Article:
May 27, 2022 By Alexandra Adelina Nita
The workers were joined by State Senator Jessica Ramos—who has introduced the bill in the state senate—and Assemblymember Jessica González-Rojas, a co-sponsor of the assembly version of the bill.
The rally occurred in the wake of an April report from the ILR Worker Institute at Cornell University that calls attention to the dangerous working conditions, low wages and discrimination nail salon workers—the majority of whom are AAPI women or Latina—often face. Workers had also held previous rallies and spoken with the media.
The workers shared their own experiences as they stood at a podium in front of sign-bearing supporters.
“Nail salon workers need this legislation immediately and it needs to pass without delay,” said Menuka Simkhada, a six-year member of the industry. “We won a higher minimum wage but we’re still not all getting paid well. My tips are being kept from me, I don’t get commission and I can’t work more than 25 hours in a week despite being full time.”
If passed, the bill would create two regulatory bodies to oversee the nail salon industry: a nail salon minimum standards council and an independent minimum pricing committee.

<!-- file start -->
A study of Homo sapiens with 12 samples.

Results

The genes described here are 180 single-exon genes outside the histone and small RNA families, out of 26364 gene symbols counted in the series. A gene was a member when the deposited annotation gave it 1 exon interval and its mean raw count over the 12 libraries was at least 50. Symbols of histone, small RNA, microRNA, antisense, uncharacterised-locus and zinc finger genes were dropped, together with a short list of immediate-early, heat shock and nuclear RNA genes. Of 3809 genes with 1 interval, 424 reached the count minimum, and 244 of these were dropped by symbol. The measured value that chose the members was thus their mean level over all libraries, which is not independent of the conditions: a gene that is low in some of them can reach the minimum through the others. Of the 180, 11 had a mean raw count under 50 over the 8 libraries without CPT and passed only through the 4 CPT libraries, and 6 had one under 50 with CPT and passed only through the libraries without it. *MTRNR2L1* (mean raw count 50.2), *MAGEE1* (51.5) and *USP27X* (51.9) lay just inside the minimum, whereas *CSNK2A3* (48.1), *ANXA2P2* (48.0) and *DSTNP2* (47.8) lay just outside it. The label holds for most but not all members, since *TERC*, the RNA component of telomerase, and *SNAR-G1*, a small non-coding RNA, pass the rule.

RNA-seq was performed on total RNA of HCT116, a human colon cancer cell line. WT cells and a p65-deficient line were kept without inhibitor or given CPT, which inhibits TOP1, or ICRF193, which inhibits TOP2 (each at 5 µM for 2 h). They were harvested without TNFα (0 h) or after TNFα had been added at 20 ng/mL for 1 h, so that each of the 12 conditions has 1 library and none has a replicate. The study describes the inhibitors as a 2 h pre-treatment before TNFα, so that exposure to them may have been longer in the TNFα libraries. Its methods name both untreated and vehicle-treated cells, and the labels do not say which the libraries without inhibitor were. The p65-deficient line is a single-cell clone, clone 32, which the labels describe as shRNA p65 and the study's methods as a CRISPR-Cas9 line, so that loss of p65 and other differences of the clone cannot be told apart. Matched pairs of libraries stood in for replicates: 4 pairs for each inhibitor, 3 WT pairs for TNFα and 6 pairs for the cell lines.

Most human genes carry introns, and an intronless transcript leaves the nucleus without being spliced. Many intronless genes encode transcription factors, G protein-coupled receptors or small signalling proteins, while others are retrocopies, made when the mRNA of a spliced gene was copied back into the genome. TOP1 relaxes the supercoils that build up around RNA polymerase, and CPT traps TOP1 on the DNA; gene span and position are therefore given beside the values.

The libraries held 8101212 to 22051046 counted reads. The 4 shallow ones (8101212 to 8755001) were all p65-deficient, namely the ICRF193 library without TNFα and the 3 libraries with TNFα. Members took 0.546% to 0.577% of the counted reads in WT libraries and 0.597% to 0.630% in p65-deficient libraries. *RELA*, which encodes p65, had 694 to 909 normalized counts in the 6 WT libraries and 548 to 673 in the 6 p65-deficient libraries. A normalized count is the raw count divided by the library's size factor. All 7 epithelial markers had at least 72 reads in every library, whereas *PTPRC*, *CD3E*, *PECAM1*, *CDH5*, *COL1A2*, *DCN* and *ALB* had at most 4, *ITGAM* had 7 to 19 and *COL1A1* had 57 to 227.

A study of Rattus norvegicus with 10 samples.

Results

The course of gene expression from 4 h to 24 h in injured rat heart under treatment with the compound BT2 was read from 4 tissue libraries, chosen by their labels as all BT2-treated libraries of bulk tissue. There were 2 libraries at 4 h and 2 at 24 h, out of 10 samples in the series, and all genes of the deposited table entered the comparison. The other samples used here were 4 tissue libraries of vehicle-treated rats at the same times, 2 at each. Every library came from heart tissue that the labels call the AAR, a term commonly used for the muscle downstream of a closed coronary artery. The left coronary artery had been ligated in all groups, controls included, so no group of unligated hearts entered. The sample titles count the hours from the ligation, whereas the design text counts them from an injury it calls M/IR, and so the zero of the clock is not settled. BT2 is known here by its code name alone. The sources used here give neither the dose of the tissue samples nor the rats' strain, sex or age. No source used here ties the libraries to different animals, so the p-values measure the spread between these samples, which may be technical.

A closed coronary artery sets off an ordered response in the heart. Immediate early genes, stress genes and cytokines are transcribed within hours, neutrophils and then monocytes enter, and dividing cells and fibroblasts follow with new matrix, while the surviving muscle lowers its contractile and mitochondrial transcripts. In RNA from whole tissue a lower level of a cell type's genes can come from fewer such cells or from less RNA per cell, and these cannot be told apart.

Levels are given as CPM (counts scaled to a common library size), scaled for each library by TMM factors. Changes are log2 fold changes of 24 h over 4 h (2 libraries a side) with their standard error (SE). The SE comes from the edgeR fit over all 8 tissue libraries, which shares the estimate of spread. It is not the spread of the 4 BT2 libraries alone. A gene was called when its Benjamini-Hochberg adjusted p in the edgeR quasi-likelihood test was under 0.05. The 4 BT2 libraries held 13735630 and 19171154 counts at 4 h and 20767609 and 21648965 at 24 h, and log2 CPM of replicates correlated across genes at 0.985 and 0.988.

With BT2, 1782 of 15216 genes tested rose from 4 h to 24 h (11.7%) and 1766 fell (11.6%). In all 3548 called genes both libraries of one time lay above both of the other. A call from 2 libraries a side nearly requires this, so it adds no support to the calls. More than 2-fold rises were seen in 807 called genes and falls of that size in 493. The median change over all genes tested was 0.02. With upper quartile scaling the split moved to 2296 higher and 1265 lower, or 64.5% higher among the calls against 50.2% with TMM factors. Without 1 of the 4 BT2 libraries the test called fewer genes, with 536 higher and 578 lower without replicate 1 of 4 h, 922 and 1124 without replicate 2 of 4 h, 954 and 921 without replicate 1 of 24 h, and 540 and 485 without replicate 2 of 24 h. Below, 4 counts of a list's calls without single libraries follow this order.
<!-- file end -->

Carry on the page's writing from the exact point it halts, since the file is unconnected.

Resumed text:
The minimum standards council would be composed of workers, small business owners and elected officials—and would have the power to investigate nail salons for compliance with existing laws.
The council would make sure that the hourly minimum wage—which some salons currently circumvent by misclassifying employees as independent contractors—are adhered to. Additionally, it would make sure that salons offer paid sick leave and meal breaks—and are in compliance with ventilation standards that must be adhered to by October 2022.
The independent minimum pricing committee would have a year to conduct research for a report that would be presented to its commissioner. The report would recommend nail salon pricing models that would serve both the needs of workers and business owners.
Both the Queens legislators view the bill as a necessity.
“The nail salon industry has experienced a drastic race to the bottom, where the highly skilled labor of nail salon workers has been undercut by declining industry standards,” Ramos said. “By bringing salon owners, nail salon workers, and policy makers together, the Nail Salon Minimum Standards Council allows all the necessary stakeholders to co-create solutions that work for the entire sector.”
González-Rojas further emphasized the position of workers. “Nail salon workers deserve an industry that pays them and treats them well,” she tweeted.
Rochester Assemblymember Harry Bronson was also in attendance to support the bill. “As Chair of Economic Development, when I see an industry where the norm is cutting corners on labor and safety standards, I know we need a transformative change – and that is why Senator Jessica Ramos and I have proposed the Nail Salon Minimum Standards Council Act,” he said.
The bill is currently in the Senate and Assembly labor committees.